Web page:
What the Tech? App of the Day: Ada
Why is it when we're not feeling well we Google our symptoms, and it always could be cancer? I found an app that practically went to medical school. T
Why is it when we're not feeling well we Google our symptoms, and it always could be cancer?
I found an app that practically went to medical school.
There are many apps in both app stores that review symptoms and give a list of possible diagnosis along with information and what to do next. Ada is a bit different.
Ada was developed by a team of doctors and is designed to use machine learning to closely match a doctor's office visit.
Ada asks for your symptoms. Maybe a headache. Then, like your doctor would do, Ada begins asking questions such as where does it hurt, for how long and other questions a real doctor asks. It puts your answers in context.
Headaches are easy, but what about something less common like itchy eyelids.
After a series of questions, Ada returns some of the best possibilities, showing how many people with the same symptoms have been diagnosed with a certain condition.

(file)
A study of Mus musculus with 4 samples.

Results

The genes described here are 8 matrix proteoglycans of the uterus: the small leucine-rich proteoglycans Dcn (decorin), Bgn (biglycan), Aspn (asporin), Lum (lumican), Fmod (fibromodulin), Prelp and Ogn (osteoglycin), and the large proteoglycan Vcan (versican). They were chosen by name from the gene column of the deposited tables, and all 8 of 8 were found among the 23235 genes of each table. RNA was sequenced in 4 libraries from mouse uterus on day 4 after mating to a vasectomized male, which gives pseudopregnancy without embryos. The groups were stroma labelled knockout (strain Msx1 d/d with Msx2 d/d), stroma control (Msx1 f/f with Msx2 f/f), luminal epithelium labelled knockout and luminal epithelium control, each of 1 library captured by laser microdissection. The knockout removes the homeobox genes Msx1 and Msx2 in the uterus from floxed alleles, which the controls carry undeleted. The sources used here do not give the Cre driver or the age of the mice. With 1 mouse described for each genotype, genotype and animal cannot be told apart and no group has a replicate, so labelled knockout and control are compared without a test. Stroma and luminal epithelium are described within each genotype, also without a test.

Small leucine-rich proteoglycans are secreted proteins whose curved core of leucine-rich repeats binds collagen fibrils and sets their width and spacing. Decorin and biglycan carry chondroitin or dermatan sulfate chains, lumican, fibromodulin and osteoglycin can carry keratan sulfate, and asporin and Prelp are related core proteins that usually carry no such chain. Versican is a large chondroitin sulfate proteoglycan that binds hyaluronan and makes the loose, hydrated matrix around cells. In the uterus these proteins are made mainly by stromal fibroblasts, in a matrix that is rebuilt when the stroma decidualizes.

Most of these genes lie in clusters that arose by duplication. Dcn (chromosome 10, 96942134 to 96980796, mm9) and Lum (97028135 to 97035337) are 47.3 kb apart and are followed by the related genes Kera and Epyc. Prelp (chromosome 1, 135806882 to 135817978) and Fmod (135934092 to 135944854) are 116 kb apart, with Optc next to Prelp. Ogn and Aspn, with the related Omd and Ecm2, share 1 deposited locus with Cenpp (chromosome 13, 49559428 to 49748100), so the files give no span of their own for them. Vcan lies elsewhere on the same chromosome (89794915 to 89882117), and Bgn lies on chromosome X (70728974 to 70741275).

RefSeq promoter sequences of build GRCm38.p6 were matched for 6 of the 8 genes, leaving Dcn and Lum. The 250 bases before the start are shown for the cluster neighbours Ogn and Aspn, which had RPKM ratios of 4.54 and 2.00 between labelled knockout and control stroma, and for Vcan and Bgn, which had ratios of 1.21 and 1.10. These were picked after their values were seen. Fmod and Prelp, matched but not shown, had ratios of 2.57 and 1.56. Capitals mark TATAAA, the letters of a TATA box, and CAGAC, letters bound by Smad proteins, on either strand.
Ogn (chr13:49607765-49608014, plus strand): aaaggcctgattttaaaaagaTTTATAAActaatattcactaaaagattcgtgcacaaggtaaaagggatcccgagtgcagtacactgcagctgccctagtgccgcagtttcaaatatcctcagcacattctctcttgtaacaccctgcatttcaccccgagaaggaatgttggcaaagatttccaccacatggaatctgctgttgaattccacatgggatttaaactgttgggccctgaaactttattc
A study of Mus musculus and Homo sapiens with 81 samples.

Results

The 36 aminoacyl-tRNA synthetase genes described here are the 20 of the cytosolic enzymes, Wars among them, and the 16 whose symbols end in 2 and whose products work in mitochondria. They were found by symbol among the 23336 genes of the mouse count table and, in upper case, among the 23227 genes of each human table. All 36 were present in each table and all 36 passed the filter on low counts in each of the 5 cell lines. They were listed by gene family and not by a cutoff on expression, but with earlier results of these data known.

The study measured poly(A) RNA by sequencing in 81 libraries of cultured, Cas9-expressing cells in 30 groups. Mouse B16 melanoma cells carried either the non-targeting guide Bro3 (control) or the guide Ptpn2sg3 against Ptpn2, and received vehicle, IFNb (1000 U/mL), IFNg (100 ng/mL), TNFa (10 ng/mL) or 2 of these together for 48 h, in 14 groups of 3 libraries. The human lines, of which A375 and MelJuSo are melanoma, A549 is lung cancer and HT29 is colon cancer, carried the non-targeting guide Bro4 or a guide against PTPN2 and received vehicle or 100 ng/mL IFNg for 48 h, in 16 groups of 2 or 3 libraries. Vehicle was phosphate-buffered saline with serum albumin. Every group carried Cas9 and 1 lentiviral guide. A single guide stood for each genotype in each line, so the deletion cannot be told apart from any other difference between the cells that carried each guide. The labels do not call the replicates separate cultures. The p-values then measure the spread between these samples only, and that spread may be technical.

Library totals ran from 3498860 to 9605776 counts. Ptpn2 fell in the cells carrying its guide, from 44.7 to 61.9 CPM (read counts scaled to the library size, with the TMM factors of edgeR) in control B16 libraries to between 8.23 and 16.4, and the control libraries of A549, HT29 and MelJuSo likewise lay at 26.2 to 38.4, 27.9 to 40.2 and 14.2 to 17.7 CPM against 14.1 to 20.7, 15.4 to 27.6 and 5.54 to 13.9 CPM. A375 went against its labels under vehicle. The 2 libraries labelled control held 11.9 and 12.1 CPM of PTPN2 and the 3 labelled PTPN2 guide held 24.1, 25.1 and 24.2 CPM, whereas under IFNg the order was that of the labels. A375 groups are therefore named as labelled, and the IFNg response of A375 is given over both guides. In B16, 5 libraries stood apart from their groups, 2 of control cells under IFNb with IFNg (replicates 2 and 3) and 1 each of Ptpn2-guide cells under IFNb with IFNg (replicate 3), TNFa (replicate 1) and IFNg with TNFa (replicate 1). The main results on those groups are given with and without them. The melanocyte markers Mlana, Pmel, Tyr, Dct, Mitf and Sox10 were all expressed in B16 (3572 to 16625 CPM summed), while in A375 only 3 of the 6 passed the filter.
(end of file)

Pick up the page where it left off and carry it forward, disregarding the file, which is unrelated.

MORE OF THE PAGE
Now, let's compare what we find in Ada with a typical Google search.
"Itchy eyelids" returns lots of articles and symptoms but nothing close to what you'd get at a doctor's office.
With Ada's artificial intelligence, it gets smarter the more you use it by learning more about you. So it builds a long-term picture of your health.
As for privacy, I read Ada's agreement, and it says while it collects the information, it does not share it with third-party companies. And if you stop using the app, it will delete your information.
So does it work?
After using it during the cold and flu season I found Ada to be a good resource. I also found it very easy to use. And it's very popular. The company says the
app performs over 10,000 assessments a day from people who've downloaded it.